Twilight of the Saints: Ch 2. Civil Religion From The ancient Past to the Anxious Present
The second chapter of Twilight of the Saints deals with the history of civil religion. Beginning with the history of American Civil Religion, The Declaration of Independence. G.K. Chesterton talks about how the Declaration lays out the “creed” of United States civil religion. The chapter lays out the past nations which have had some form of civil religion, like Rome, and Greece. It also lays out the history of America’s civil religion, how it became what it is today. This chapter expands the boundaries of civil religion
What is Civil Religion
This chapter uses the opinion of Rousseau to add to the understanding of civil religion. Rousseau adds an idea of a social contract. A Social contract is “the general will of the people expressed religiously in the life of the state with a benign but watchful deistic god to preside over the keeping of the public faith.” The general will of the people is found using reason, assuming that the Christian religion is true. Civil religion is not a nation which possesses a state church as its religion. Emile Durkheim said this about civil religion “a common religion is constitutive of the unity and character of every society.” Plato also confirmed the belief that “the essential conditions for achieving a just political order was the practice of citizens honoring the gods and their parents.”
Civil Religion in Ancient Nations
Rome and Greece are two ancient nations which both possessed civil religion. These two nations both had a religion which every person embraced. Rome was the main force when it came to influencing England which influenced America. Rome was the first civilized nation that attempted to civilize the English. Because of this development of the English by the Romans the English experienced the civil religion of the Romans. The Romans first had a polytheistic religion but then the people began to worship the Emperor as god. This idea was impressed upon the English, but they were also opened up to the Christian religion. This Christian religion and the idea of a single person being in power remained. The Romans also gave the English the idea of global conquest through colonization. This is the reason why the Americas were established.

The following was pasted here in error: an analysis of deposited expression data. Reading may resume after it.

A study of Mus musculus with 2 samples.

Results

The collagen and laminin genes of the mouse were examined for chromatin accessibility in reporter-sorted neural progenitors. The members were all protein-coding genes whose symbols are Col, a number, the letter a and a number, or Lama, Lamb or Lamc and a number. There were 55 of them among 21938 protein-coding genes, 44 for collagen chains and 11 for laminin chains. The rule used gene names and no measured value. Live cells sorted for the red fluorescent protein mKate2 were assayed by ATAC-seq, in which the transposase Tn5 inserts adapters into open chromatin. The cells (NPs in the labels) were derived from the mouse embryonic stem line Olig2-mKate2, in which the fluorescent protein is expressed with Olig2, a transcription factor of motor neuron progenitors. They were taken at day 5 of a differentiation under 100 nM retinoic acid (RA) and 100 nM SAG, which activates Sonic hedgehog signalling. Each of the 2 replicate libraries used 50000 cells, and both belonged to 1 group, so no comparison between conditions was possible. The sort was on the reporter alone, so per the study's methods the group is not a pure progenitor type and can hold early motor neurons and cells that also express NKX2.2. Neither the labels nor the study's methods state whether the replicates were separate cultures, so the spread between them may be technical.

Civil Religion in England
England has played a vital role in the development of America’s civil religion. England has created a national church with much latitude making it almost a civil religion. The most important idea which emerged from England was the idea of a state. This is the idea of having an individual at the head of the country and a god to be next to the king. This is when the phrase “For God and crown” originated. England also sent settlers to America who possessed this idea but wanted a different religion then the state church offered. These settlers wanted “their outpost in the wilderness would be as a “city upon a hill”, a moral and political example to the entire world.” John Foxe has inspired the idea that “England was God’s anointed vessel.”
Civil Religion in Modern America
The American civil religion is the basis of the American dream “A third element in constructing the first American civil religion was some sort of religious consensus” The whole process creates “but in the process, where the churches moved out the nation moved in.” The early civil religion was based on different ideals “evangelical-deistic ideals made up the early national faith.” In Americas now use civil religion as a blending tool for all immigrants. America has “a nation with the soul of a church.” This soul is nurtured by events like Memorial Day, “The Memorial Day celebration is an American sacred ceremony, a religious ritual, a modern cult of the dead.” America has created a nation which is beloved by a majority of its citizens, because of civil religion. It is the sum of its major influences from Greece, to Rome and England.
The Author does a very good job of presenting where Americas civil religion originates from. As well as the key people or ideas which have influenced it along the way. I personally did not like the references to some of the founding fathers being considered deists, on page 71.